France says its journalists “coldly assassinated” in Mali


France said on Sunday two French journalists found dead in the northern Mali region of Kidal had been “coldly assassinated” by militants and vowed to step up security measures in the area.

Radio journalists Claude Verlon and Ghislaine Dupont were abducted after interviewing a member of the MNLA Tuareg separatist group in northern Mali.

Their bodies were found on Saturday by a French patrol 12 km (8 miles) outside Kidal, the birthplace of a Tuareg uprising last year that plunged Mali into chaos, leading to a coup in the capital Bamako and the occupation of the northern half of the country by militants linked to al Qaeda.

Adama Kamissoko, the governor of Kidal region, said French and Malian security officials were jointly investigating the attack, but French Foreign Minister Laurent Fabius put the blame firmly on militants operating in the region.
“The assassins are those that we are fighting, the terrorist groups that refuse democracy and elections,” Fabius said, calling the killings “heinous and revolting”.

Fabius said one of the journalists had been shot twice, and the other three times. He said French forces had tried to find the hostage takers, but to no avail.

Paris launched air strikes and sent thousands of soldiers into Mali at the start of the year to drive back al Qaeda-linked rebels it said could turn the West African country into a base for international attacks.

Islamists scattered during the French assault and a presidential election was held in July. But the journalists’ deaths follow a number of attacks elsewhere in northern Mali, underscoring the fragile gains in the vast desert zone.

Last month Malian and international forces launched a wide-scale operation to keep pressure on Islamist groups.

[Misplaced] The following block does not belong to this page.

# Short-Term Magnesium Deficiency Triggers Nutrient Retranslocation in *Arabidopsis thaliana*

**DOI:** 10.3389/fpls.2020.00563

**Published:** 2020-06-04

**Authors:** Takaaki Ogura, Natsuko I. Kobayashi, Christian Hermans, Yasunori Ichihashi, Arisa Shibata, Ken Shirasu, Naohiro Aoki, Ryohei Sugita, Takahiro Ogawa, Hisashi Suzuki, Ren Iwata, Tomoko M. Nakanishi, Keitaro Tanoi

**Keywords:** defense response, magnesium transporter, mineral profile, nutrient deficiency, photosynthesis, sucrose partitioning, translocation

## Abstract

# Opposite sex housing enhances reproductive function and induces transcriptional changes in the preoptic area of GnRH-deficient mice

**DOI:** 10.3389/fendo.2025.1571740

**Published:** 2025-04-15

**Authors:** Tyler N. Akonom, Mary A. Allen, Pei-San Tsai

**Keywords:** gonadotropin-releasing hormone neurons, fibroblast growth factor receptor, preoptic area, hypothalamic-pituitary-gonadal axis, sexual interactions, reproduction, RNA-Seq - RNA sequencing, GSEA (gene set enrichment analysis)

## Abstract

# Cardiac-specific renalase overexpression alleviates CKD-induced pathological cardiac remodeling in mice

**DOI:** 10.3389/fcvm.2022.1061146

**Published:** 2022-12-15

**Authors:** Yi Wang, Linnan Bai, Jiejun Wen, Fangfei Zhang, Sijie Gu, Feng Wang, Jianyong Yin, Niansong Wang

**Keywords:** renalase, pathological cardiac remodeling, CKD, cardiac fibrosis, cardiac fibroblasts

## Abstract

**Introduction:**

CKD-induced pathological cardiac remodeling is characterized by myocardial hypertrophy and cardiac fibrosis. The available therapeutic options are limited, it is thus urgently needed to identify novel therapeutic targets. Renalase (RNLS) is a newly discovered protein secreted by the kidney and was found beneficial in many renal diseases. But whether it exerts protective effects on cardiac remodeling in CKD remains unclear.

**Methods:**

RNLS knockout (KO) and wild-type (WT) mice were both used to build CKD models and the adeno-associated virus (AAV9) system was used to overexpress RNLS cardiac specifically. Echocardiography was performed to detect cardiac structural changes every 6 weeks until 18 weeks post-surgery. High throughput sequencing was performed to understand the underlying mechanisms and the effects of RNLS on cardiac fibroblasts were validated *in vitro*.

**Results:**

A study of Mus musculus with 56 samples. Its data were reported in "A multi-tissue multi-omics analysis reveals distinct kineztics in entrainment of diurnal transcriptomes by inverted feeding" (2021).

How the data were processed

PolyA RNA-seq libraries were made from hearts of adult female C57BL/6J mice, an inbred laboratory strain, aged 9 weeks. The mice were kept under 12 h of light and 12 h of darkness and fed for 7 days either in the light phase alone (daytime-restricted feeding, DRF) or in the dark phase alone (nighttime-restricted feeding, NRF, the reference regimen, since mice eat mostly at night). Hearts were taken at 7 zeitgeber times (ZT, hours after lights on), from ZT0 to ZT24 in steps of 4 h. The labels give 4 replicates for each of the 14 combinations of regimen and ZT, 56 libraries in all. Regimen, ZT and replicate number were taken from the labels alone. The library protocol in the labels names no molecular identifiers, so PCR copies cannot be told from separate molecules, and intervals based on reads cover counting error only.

Although Malian, U.N. and French troops are stationed in Kidal, none are heavily deployed. The Malian army’s contingent is generally symbolic and soldiers are confined to their base.

There are some 200 U.N. peacekeepers (MINUSMA)who are officially in control of security and France also has about 200 troops, though their operations in the region have focused on the Adrar des Ifoghas mountains to the north, which served for years as a hideout for militants.

“Security in the area and the surrounding areas will be increased,” Fabius said after a specially convened cabinet meeting. He did not elaborate.

Mali government spokesman Mahamane Baby echoed those comments saying President Ibrahim Boubacar Keita and Hollande had agreed that the status quo could not remain during a telephone call late on Saturday.
“The two heads of state agreed that the situation in Kidal was unacceptable and that a change was necessary to ensure the security of all Malians and foreigners present there,” he said.

According to the Ouagadougou agreement signed by Mali’s government and rebel groups ahead of the July elections that aimed to pave the way for a peace deal across the country, rebel fighters were due to be confined to barracks before the new government launched a final round of peace talks.

However, MNLA fighters still operate in and around Kidal, much to the frustration of Bamako.

The journalists’ deaths came just days after four French hostages kidnapped in Niger by al Qaeda’s north African (AQIM) wing were released following secret talks with officials from the West African country. They had been held for three years.

Paris dismissed media reports the government had used public funds to pay a ransom of some $20 million.

Pierre Boilley, an Africa expert at the Centre for National Scientific Research (CNRS), said the attack was likely to have been carried out by groups linked to AQIM or those trying to undermine talks between the government and northern rebels.
“It could also have been vengeance. There are difficulties within AQIM. Some may have benefited from the hostages’ ransom, and others may have been neglected so it’s a possible hypothesis,” he said.